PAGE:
Apr 10, 2023

Toward understanding the communication in sperm whales

Posted by in categories: biological, robotics/AI

The recent success of machine learning (ML) methods in answering similar questions in human languages (Natural Language Processing or NLP) is related to the availability of large-scale datasets. The effort of creating a biological dataset in a format, level of detail, scale, and time span amenable to ML-based analysis is capital intensive and necessitates a multidisciplinary expertise to develop, deploy, and maintain specialized hardware to collect acoustic and behavioral signals, as well as software to process and analyze them, develop linguistic models that reveal the structure of animal communication and ground it in behavior, and finally perform playback experiments to attempt bidirectional communication for validation ( Figure 1 ). Yet, the deployment of graphics processing unit’s (GPU) is following a trajectory akin to Moore’s Law ( and, at the same time, the success of such an endeavor could potentially yield cross-applications and advancements in broader communities investigating non-human communication and animal behavioral research. One of the main drivers of progress making deep learning successful has been the availability of large (both labeled and unlabeled) datasets (and of architectures capable of taking advantage of such large data). To build a more complete picture and capture the full range of a species’ behavior, collecting datasets containing measurements across a broad set of factors is essential. In turn, setting up infrastructure that allows for the collection of broad and sizable datasets would facilitate studies that allow the autonomous discovery of the meaning-carrying units of communication.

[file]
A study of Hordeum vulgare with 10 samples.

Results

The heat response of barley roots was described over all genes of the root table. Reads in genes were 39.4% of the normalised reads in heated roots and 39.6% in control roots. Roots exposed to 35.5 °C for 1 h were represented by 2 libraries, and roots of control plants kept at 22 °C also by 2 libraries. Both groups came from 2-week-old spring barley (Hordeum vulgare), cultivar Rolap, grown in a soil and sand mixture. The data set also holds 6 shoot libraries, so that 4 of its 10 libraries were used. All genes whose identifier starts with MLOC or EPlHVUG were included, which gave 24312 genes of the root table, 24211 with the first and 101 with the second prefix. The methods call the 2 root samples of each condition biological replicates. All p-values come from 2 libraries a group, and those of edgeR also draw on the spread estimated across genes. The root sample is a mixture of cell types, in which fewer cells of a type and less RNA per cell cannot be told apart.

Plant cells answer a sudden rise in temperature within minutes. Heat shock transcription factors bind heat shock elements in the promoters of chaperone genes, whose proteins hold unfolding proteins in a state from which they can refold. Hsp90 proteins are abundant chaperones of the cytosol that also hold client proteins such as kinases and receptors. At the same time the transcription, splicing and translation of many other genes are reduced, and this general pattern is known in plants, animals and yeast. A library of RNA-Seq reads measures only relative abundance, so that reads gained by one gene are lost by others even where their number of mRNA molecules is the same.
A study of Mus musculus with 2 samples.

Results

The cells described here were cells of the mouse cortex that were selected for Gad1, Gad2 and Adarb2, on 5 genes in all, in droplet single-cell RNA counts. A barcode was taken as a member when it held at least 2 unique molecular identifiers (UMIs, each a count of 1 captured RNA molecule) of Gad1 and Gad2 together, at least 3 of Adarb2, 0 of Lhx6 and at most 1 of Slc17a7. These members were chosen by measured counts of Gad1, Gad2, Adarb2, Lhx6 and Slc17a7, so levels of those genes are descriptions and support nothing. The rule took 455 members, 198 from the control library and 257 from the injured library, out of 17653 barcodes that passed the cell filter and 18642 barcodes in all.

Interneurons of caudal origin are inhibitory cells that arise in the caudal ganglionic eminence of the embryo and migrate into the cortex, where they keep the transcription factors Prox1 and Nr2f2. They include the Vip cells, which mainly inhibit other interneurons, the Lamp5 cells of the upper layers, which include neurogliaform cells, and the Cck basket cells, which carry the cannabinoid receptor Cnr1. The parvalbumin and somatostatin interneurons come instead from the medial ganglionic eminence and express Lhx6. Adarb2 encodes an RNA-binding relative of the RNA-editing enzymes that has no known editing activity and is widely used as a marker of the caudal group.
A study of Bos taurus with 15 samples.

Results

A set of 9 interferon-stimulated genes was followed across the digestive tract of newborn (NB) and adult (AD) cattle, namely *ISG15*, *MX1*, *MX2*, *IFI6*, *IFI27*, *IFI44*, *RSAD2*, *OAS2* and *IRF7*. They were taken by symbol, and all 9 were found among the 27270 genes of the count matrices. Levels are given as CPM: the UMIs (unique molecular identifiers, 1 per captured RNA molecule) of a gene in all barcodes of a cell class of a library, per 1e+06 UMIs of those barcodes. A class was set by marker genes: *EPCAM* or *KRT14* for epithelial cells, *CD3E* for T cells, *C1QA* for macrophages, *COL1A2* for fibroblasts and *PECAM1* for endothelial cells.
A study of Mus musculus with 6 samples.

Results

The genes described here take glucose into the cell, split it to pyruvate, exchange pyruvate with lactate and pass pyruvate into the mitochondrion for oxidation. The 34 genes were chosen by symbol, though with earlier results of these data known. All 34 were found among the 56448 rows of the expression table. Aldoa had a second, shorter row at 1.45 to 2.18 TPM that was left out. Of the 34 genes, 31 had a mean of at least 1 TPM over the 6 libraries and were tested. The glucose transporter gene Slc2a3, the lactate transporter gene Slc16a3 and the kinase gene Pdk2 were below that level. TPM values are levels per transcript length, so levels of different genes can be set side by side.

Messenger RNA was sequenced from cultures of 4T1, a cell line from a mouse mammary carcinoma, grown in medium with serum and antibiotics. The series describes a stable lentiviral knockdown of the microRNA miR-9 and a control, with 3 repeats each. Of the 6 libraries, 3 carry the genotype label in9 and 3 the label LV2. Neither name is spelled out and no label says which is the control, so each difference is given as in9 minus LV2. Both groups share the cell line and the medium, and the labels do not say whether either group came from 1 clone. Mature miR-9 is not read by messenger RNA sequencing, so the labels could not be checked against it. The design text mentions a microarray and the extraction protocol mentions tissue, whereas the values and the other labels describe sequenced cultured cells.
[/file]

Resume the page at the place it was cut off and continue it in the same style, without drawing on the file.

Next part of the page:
A dedicated interdisciplinary initiative toward a detailed understanding of animal communication could arguably be made with a number of species as its focus. Birds, primates, and marine mammals have all given insight into the capacity of animal communication. In some ways, the collective understanding of the capacity for and faculty of communication in non-humans has been built through experimentation and observation across a wide number of taxa ( Fitch, 2005 ; Hauser et al., 2002). The findings on both the underlying neurobiological systems underpinning communicative capacity, and the complexity and diversity of the communication system itself often mirror our ability with which to work with a given species, or the existence of prominent long-term field research programs.

Animal communication researchers have conducted extensive studies of various species, including spiders (e.g. Elias et al., 2012 ; Hebets et al., 2013), pollinators (e.g Kulahci et al., 2008), rodents (e.g Ackers and Slobodchikoff, 1999 ; Slobodchikoff et al., 2009), birds (e.g Baker, 2001 ; Griesser et al., 2018), primates (e.g. Clarke et al., 2006 ; Jones and Van Cantfort, 2007 ; Leavens, 2007 ; Ouattara et al., 2009 ; Schlenker et al., 2016 ; Seyfarth et al., 1980), and cetaceans (e.g Janik, 2014 ; Janik and Sayigh, 2013), showing that animal communication involves diverse strategies, functions, and hierarchical components, and encompasses multiple modalities. Previous research efforts often focused on the mechanistic, computational, and structural aspects of animal communication systems. In human care, there have been several successful attempts of establishing a dialogue with birds (e.g.